This is the Morning Shift, our one-stop daily roundup of all the auto news that's actually important — all in one place at 9:00 AM. Or, you could spend all day waiting for other sites to parcel it out to you one story at a time. Isn't your time more important?
1st Gear: We're All Behind Our Baseball Team
The Detroit Tigers clinched the American League Central Division title last night, after a roller coaster season in which many of us wrote them off many times. The victory means the Chevrolet fountain at Comerica Park will get plenty of air time on national television, and it probably means we aren't done seeing that ad in which Justin Verlander and Miguel Cabrera "sing" the Chevy theme song. Speaking of them, we know Verlander is a serious car buff, so if he repeats as Cy Young Award winner, he'll probably need an even bigger garage. And Cabrera deserves to be American League MVP, period.
Argue all you want about that youngster, Mike Trout, but he's a one-season wonder while Miggy has performed year in and year out — and had his best season while staying sober. Make all the jokes you want, but anyone who's tussled with sobriety knows how hard it can be to take it one day at a time, let alone make baseball history. So, we'll be joining all those car people who stay up late and are a little groggy at work the next morning, at least for as long as the Tigers can hang on (and that bullpen is no guarantee that they will go very far).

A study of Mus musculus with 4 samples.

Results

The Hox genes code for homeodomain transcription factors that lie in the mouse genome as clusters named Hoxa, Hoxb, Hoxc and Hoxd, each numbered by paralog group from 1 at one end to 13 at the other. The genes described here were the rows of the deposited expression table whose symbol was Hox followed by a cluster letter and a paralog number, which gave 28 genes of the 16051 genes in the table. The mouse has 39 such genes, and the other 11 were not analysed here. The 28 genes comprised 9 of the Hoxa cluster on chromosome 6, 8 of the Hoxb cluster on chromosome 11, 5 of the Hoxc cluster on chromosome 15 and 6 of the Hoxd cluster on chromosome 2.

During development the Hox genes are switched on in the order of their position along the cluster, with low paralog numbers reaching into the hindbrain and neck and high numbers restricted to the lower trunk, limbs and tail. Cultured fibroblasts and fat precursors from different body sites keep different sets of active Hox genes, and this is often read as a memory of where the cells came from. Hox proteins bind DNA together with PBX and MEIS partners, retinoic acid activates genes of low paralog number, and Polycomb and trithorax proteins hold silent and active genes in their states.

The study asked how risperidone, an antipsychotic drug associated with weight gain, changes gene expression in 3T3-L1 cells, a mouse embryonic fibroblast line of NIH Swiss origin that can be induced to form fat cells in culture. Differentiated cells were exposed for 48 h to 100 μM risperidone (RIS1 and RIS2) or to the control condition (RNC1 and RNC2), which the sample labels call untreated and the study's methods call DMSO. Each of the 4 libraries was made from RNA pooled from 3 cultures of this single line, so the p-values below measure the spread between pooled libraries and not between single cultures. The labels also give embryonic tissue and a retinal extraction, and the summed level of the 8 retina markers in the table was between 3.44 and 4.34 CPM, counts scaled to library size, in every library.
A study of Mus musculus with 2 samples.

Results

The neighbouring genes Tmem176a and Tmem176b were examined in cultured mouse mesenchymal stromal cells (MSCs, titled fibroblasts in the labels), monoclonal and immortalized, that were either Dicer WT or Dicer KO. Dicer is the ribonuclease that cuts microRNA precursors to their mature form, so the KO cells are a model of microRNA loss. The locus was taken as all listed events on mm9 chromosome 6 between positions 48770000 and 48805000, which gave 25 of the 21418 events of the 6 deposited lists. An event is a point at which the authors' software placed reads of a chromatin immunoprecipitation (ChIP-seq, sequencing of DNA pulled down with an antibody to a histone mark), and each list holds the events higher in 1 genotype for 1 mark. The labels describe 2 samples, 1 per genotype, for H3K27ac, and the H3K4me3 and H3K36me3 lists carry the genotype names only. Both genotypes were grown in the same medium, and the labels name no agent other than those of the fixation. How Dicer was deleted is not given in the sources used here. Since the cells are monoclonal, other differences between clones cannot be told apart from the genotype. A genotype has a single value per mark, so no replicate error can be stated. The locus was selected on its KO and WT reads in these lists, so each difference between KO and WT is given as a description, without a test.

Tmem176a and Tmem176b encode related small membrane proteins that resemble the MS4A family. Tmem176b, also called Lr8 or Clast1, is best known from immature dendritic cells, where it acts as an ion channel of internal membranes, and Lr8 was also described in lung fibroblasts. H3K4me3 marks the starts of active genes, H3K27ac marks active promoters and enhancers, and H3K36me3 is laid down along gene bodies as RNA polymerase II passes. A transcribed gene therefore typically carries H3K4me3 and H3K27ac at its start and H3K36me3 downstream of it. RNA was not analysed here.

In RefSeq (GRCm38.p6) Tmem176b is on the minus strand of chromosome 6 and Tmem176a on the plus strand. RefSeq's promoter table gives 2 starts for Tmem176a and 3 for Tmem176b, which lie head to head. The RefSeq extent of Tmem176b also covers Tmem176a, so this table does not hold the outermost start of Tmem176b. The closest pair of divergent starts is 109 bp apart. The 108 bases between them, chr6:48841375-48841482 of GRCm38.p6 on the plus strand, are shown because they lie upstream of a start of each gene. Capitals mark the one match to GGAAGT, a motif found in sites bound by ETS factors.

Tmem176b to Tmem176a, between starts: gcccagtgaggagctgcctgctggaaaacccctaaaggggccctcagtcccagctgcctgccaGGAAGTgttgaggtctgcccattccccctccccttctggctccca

2nd Gear: Now Volkswagen Is Picking On The USA
The Detroit News says Volkswagen isn't satisfied just with picking a fight with Fiat. It's criticizing the American economy, too. In a speech in Washington, Jonathan Browning, president of the Volkswagen Group of America, said yesterday that concerns about the country's ability to tackle its problems were one reason why VW picked Mexico instead of the U.S. for a new factory (issues involving export costs were also a factor). "This country needs to get its house in order. It needs to restore global confidence in the workings of its political system," he said, according to the News. "I say this as a great admirer of the United States and with the full recognition that Europe is struggling with its own significant problems," said Browning, who is British.